Houseguests

“Of course you can come over,” I told Dawn on the phone.  “I’ll set up the Pack and Play in Zach’s room and put him in his old bedroom.   You and A can sleep together in the bed, it won’t be any problem.  I’ll see you in a few minutes.”

I glanced at the phone as I hung up the receiver; ten forty at night.  It was sheer luck that I was even awake at this point, but it was Saturday night and I had gotten into watching a movie on TV.  I dug myself out of the blanket I’d been wrapped in and started up the stairs to make Z’s room ready for Dawn and her children.

Dawn and Todd had married five years ago, not long after receiving the news that she was pregnant with their child.  They had been away at college, living together in an off campus apartment.  I’d always marveled at how they had seemingly made their situation work; they had slipped into marriage as easily as a warm winter coat.   After a year in student housing though, they had moved back home to be nearer to family and friends who could help with the baby while they both continued their educations.

Their basement apartment in his parents’ house had been an object of envy for me while I lived at home with my mother.  Its separation, its size, its privacy had always made it seem like such an ideal arrangement.   But as the years wore on, Todd dropped out of school and started working for his father, making the web of interconnectedness even tighter with Dawn’s in laws.  She started talking with exasperation about her mother in law, and by the time Dawn’s second child was born last November, Dawn’s patience had worn thin.  Todd refused to talk to his parents about Dawn’s complaints; instead, he’d simply taken on a second job to put money away for their eventual apartment.

It was at this second job, she told me, where he’d met Sandi.   He had started staying out for drinks after work with the group, and has he retold Dawn about his evenings, the name was a constant in every story.   Her resentment boiled white hot as she stayed at his parents’ house with her two small children while he stayed out later and later spending the money he was making at the bar.   It had all come to a head this evening, she’d told me on the phone earlier, when she accused him of an affair with this Sandi.  Todd, unfortunately, had not been at all effective in his denials.  By the time the smoke cleared, he had admitted to kissing the woman and seeing her alone outside of the group of colleagues.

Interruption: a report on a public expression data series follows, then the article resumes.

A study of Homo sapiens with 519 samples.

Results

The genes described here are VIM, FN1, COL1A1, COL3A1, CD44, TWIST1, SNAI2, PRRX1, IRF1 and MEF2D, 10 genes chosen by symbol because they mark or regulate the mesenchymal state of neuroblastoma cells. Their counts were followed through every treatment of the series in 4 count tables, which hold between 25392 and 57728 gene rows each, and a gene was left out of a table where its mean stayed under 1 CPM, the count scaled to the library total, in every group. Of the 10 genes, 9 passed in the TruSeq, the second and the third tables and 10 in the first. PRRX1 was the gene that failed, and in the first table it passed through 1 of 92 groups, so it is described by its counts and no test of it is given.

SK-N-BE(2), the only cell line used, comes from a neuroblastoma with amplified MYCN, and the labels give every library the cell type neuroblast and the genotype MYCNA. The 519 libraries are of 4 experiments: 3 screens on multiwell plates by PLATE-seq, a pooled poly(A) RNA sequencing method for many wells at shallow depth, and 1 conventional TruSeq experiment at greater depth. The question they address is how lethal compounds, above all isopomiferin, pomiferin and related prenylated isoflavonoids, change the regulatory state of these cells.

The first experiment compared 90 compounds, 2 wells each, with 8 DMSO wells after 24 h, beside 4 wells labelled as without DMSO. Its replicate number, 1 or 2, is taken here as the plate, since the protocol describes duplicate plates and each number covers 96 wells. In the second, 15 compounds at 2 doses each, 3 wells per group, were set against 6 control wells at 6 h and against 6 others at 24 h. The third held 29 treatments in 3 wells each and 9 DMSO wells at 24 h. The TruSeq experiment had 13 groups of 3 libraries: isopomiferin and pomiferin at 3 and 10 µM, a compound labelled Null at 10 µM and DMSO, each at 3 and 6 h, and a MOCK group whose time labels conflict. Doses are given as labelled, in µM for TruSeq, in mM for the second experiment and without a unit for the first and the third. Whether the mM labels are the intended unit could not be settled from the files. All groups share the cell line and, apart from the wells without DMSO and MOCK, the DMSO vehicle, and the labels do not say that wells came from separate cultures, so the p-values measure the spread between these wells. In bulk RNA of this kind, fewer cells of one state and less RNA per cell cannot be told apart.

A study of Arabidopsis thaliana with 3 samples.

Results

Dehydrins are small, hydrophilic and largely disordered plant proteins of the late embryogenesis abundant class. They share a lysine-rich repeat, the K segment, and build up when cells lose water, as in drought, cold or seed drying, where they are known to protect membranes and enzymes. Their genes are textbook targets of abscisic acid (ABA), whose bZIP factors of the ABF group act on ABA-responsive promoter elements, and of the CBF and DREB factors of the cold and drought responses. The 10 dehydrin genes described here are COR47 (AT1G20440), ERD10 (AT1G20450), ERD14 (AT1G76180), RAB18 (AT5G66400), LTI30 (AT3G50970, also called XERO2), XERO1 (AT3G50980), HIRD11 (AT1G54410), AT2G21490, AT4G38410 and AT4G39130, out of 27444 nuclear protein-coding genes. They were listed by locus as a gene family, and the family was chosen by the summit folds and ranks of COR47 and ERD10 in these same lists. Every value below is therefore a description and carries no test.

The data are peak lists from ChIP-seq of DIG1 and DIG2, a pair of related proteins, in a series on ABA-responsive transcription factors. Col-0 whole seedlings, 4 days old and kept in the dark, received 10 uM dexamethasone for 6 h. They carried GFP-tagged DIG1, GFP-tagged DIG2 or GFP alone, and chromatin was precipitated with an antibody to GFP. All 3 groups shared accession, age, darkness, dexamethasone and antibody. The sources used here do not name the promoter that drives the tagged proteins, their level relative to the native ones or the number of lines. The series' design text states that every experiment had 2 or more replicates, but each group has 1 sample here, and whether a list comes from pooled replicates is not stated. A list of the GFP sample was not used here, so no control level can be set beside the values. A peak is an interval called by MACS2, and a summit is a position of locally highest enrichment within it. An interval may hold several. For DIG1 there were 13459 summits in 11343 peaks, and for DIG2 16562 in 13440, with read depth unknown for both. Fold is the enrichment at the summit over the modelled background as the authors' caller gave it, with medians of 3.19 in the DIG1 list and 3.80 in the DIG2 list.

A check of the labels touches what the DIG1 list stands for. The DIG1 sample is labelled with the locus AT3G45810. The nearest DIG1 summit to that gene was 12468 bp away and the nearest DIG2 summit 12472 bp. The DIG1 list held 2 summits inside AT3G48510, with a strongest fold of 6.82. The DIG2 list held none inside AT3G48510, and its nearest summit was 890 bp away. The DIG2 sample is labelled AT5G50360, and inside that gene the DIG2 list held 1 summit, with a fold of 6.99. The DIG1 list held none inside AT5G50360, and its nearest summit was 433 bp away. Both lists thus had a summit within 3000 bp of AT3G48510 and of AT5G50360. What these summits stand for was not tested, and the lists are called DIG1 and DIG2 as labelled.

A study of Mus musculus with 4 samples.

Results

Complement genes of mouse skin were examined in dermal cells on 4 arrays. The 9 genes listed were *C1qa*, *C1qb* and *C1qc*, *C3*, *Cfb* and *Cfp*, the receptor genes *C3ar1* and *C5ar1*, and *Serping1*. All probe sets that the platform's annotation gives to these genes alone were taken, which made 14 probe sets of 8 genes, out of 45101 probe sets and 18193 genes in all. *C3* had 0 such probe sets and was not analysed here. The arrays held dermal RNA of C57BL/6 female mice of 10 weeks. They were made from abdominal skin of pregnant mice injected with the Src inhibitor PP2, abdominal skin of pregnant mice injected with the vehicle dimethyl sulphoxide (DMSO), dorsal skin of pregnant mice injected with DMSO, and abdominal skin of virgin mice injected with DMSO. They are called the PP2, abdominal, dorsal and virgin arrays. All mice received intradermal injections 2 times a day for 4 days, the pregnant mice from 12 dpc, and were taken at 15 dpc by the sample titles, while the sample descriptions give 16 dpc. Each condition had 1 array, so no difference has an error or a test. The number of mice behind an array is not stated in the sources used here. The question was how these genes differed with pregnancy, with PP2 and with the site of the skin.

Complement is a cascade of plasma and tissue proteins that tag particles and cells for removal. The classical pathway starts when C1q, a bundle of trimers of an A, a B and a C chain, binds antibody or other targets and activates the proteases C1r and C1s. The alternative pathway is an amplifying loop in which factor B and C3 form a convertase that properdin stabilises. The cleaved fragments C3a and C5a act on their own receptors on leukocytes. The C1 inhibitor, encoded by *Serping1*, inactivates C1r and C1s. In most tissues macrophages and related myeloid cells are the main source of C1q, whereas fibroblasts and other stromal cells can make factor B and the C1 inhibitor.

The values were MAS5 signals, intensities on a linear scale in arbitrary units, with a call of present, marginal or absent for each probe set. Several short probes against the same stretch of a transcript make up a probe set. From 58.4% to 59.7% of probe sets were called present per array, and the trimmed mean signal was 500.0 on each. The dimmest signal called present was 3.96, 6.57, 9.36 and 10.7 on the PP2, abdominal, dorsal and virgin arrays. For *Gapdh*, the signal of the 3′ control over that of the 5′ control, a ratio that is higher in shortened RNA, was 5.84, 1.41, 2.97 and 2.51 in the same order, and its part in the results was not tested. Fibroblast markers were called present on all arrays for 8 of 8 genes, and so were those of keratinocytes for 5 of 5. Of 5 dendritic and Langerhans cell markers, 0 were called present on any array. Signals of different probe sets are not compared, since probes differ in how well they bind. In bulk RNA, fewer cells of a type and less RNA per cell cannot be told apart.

I stopped in front of Zach’s old bedroom door, and turned to the right.  I’d nearly gone into his old room first, until I remembered that he now slept in what used to be my mother’s old bedroom.  I’d moved her double bed into my bedroom, being unable to actually move into her larger bedroom.   Zach now slept in the twin bed I’d always used as a teen, in my mother’s old room.  Tonight, I’d move him back to his old space and give over the room to Dawn and her two children.   I wasn’t sure how long they’d be here;  would she and her husband patch this all up in a few days, or was my home a mile marker on the road to a new destination?

As I tucked Z’s sleeping form into his old bed, I marveled at how quickly things could change.  A year ago I’d admired Dawn and her husband, always looking at them and wondering if I’d made the right choice all of those years ago when I told Joe no, I wouldn’t marry him just because I was pregnant.  They’d always given me a pang of regret when I saw how easy it was between them.  But now, as I looked at Zachary’s cherubian innocence in his sleep, I was grateful that he had been spared the angry words and harsh separations that lay ahead for Dawn’s two young children.

I closed the door and went to answer the knock I could already hear coming from my front door.